Norwell, Scherff are similar, but the differences truly matter originally appeared on NBC Sports Washington
While newly-signed guard Andrew Norwell will be sliding in for the recently-departed Ereck Flowers on the left side of the Commanders’ offensive line, the similarities between Norwell and also-recently-departed Brandon Scherff encourage comparisons between those two players.
To begin, Norwell is coming to Washington after a stint with the Jacksonville Jaguars, while Scherff is leaving the Commanders to begin his stint with the Jaguars. They’re like two big, burly ships passing in the free agency night.
In terms of age, meanwhile, Norwell is just two months older than Scherff. Both turned 30 during this past regular season. Norwell, an Ohio State product, entered the NFL a year ahead of Scherff, an Iowa product, so both have ties to the Big Ten.
Each interior lineman’s résumé includes an All-Pro nod, too. Norwell earned the designation in 2017, three years before Scherff scored his.
And as the following pair of tweets show, Norwell and Scherff even boast bushy beards. Seriously, their beards are doppelgängers for one another!
However, for Washington, there are two principle differences between the guards that should be quite key.
As dominant as Scherff was with the franchise, he routinely left coaches and fans wanting more due to consistent durability issues. Since joining the franchise in 2015, he suited up for 89 out of a possible 113 regular-season contests (78.8%), meaning he missed 24 starts.
In his career, Norwell has been a more constant presence on the field. He didn’t become a starter until Week 7 of his rookie campaign, and since then, he’s competed in 111 out of a possible 122 matchups (91%), meaning he’s only missed 11 starts.
You don’t need a guy with a laptop and a login to this website to tell you this, but that’s awfully encouraging.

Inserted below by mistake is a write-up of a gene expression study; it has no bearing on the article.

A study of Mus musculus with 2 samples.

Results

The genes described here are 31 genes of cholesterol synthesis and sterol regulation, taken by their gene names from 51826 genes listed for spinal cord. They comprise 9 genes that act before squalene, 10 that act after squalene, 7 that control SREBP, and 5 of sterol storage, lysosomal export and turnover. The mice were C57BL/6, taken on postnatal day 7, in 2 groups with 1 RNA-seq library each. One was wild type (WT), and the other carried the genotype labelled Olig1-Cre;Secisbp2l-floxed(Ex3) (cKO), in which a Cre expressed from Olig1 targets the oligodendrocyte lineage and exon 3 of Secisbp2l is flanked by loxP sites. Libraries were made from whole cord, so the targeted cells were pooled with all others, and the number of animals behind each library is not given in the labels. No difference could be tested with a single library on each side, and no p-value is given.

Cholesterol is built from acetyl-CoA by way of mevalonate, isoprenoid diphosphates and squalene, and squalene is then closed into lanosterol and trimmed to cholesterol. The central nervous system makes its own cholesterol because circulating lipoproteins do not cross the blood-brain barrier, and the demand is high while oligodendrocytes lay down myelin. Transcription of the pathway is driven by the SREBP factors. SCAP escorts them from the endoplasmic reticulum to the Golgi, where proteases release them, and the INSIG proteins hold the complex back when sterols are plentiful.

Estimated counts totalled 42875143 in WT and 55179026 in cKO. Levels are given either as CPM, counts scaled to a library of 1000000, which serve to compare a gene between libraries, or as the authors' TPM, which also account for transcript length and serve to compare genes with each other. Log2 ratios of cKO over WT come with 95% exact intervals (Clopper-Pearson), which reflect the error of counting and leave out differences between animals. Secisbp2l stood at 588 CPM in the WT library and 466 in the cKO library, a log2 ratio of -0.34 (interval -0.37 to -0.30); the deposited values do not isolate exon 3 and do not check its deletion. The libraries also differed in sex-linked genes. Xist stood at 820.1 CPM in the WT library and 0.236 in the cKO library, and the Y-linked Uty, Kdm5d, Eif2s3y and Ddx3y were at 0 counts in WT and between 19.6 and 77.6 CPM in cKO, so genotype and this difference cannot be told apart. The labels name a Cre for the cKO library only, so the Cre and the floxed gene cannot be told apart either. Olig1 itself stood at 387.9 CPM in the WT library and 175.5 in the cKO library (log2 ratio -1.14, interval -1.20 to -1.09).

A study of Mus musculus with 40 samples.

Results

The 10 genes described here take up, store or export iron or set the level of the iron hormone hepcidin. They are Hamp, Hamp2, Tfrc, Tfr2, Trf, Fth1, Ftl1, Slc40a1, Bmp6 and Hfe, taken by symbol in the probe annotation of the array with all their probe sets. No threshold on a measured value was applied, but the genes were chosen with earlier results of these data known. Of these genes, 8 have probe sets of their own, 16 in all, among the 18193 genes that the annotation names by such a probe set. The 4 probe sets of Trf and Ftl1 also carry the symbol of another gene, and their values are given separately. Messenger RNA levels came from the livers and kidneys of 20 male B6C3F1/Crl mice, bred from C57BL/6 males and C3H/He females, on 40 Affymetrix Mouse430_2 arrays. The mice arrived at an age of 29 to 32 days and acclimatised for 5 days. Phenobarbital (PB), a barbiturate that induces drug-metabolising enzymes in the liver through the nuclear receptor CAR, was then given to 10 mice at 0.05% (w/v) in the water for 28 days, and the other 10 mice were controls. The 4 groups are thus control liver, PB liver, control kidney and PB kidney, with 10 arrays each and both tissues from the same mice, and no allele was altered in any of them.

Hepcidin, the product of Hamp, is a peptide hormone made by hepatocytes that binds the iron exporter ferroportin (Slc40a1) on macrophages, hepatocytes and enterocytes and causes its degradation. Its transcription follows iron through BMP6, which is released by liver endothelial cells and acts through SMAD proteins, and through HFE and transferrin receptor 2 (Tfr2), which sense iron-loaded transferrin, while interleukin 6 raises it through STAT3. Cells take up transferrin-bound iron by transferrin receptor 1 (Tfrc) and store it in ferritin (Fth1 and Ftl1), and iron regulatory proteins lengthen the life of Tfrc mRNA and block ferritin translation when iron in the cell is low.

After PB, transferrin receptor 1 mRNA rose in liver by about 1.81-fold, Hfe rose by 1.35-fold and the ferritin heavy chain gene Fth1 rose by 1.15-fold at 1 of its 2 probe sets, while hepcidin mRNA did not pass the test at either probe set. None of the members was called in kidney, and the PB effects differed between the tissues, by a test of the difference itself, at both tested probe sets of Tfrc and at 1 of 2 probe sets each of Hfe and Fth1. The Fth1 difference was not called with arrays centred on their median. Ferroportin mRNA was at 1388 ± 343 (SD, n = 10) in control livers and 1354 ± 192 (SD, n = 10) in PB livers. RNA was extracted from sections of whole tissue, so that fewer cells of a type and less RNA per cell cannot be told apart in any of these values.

Furthermore, Norwell doesn’t cost nearly as much as Scherff does (in fact, Norwell is also far cheaper than Flowers).
Per The Athletic’s Ben Standig, the Commanders’ newest guard signed for two years and $10 million (with $4.7 million of that guaranteed). That average annual value of $5 million is less than a third of Scherff’s, who landed a deal with an AAV of $16.5 million from Jacksonville. Flowers, by the way, would’ve had a cap hit of $10 million for Washington this season.
Scherff, when healthy, is a supremely gifted blocker, the kind who generates highlights at a position that rarely gets spotlighted. Flowers is a hell of a player in his own right, a guy who transitioned inside after a failed tenure at tackle and developed into a stout member of the line as well.
But when comparing Norwell — whom Ron Rivera coached in Carolina from 2014 to 2017 — to those two and especially Scherff, the organization might’ve gotten this one right. A combination of Norwell and Wes Schweitzer (or whoever the team’s other starting guard is come September) will be more cost-effective than the Scherff and Flowers duo and, hopefully, equally as productive on Sundays.